Have you thought about your iPad visitors lately?

Luke Wroblewski’s most recent Data Monday post compiled astounding iPad stats. In two years, Apple has sold 67 million iPads, and is by far the leading tablet device. So leading, in fact, that its closest sales competitor is itself—the number 2 tablet is an older iPad, currently on sale at a lower price.

With this in mind, I took a quick unscientific survey of a few of our client’s web analytics across higher education, non-profit, manufacturing and banking. This past month, 32% of mobile device visits were from the iPad.

With new iPad users coming online every day, and nearly 1/3 of our client’s mobile visits coming from the iPad, it’s a good time to think about how people use these devices, and how they differ from mobile smartphone experiences.

Standard websites work fairly well on iPads. On smartphones with touch interfaces, delivering a “desktop” site generally means the user has to pinch and zoom (or squint) to find information. Except for Flash multimedia and certain Javascript limitations, standard desktop websites fare relatively well on an iPad. Of course, there’s always room for improvement and additional device-level functionality, but the iPad is a great tool for users who are reading and casually browsing the web.

iPads are mostly used at home. Mobile phones are used everywhere, iPads tend to see the most use at home. You rarely see people bust out their iPad in the car or while standing on line. Instead, they curl up with the iPad on the couch or in bed. Because the iPad’s users are comparatively less on-the-go, the it’s context is different that of a smartphone.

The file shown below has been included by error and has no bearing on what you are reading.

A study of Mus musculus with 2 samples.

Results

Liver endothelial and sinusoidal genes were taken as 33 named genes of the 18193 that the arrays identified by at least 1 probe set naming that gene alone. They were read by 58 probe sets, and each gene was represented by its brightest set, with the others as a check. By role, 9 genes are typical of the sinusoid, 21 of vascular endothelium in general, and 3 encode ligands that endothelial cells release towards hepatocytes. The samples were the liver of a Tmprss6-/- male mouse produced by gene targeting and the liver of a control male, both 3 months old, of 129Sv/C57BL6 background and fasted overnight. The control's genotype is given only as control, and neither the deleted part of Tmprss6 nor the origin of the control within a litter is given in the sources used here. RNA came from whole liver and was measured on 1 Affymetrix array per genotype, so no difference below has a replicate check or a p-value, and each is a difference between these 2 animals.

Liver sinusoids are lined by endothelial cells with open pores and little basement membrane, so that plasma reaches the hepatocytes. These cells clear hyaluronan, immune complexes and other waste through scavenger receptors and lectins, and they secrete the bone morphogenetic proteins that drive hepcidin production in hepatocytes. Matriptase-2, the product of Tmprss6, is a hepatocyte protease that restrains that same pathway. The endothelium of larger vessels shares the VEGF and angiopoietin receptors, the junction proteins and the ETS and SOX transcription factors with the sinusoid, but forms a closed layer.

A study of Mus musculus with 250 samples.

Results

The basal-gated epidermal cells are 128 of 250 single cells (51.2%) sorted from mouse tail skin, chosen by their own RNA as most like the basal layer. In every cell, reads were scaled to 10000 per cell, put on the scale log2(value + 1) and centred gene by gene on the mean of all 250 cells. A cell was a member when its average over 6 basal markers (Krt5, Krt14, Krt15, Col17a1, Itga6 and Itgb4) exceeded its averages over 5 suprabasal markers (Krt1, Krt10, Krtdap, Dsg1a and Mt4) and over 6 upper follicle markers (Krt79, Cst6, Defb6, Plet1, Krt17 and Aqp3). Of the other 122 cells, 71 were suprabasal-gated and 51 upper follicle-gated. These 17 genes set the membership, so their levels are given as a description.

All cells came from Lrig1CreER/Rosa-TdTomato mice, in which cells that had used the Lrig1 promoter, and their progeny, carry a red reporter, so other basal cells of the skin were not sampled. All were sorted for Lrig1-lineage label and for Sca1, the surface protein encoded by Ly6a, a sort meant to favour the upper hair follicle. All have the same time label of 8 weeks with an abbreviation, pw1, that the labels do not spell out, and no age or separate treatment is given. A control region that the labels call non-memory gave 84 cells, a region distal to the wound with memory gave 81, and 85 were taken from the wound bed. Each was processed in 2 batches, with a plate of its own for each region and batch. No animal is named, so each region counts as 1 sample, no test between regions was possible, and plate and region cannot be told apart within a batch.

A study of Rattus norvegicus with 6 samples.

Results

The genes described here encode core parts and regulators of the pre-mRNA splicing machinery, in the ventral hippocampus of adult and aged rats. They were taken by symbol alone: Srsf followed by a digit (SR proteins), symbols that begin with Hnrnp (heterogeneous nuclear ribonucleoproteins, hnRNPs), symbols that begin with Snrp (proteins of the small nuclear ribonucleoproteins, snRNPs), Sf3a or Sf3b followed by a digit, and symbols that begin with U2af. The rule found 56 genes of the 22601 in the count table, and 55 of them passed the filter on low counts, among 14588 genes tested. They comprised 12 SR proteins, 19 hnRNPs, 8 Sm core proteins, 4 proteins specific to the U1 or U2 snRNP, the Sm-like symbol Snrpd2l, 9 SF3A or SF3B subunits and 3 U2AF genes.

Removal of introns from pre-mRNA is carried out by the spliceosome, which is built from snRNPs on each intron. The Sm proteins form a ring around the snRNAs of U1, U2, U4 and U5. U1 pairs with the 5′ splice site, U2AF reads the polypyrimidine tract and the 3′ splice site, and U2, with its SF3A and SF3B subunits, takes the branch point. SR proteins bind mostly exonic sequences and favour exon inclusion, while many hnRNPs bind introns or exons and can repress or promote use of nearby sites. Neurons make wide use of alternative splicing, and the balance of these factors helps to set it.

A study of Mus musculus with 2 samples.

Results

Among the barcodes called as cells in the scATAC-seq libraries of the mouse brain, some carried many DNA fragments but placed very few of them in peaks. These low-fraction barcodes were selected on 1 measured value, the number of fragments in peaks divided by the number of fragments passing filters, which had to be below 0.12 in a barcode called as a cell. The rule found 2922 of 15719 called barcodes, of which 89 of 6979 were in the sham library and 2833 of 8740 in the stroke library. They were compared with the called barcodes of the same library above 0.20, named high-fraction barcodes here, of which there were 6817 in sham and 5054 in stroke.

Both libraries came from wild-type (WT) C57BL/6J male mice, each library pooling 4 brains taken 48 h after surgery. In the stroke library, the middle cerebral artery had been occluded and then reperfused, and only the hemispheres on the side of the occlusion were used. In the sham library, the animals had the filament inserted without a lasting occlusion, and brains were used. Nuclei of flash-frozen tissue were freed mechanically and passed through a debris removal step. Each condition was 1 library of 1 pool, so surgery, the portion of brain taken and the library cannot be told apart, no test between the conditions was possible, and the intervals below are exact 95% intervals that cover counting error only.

iPads may be shared. An entire family might use a single iPad – Nielsen statistics show that 43% share their tablet device. Kids might play games or watch movies on it, and mom and dad might use it for watching Mad Men episodes and checking account balances on their credit cards. In contrast, phones are personal. Rarely do you hand off your phone to your partner to use—they have their own phone.

What does this mean for your website’s tablet experience?

  • You should be thinking seriously about how your website performs on tablets like the iPad. Is it functionally sound? Are there frustration points for your users like Flash interactivity, or nonworking dropdown menus? What do you need to improve?
  • Would a unique tablet experience make your users’ lives easier?
  • Are you redirecting tablet users to your smartphone-optimized mobile website? Context clues may suggest your users is at home, open to reading more than your truncated mobile site is offering.

Remember—iPad and tablet users are a fast-growing population. Today, iPads may make up 1/3 of your mobile device visits, but what will that number be a few months down the road? Now is the time to prepare.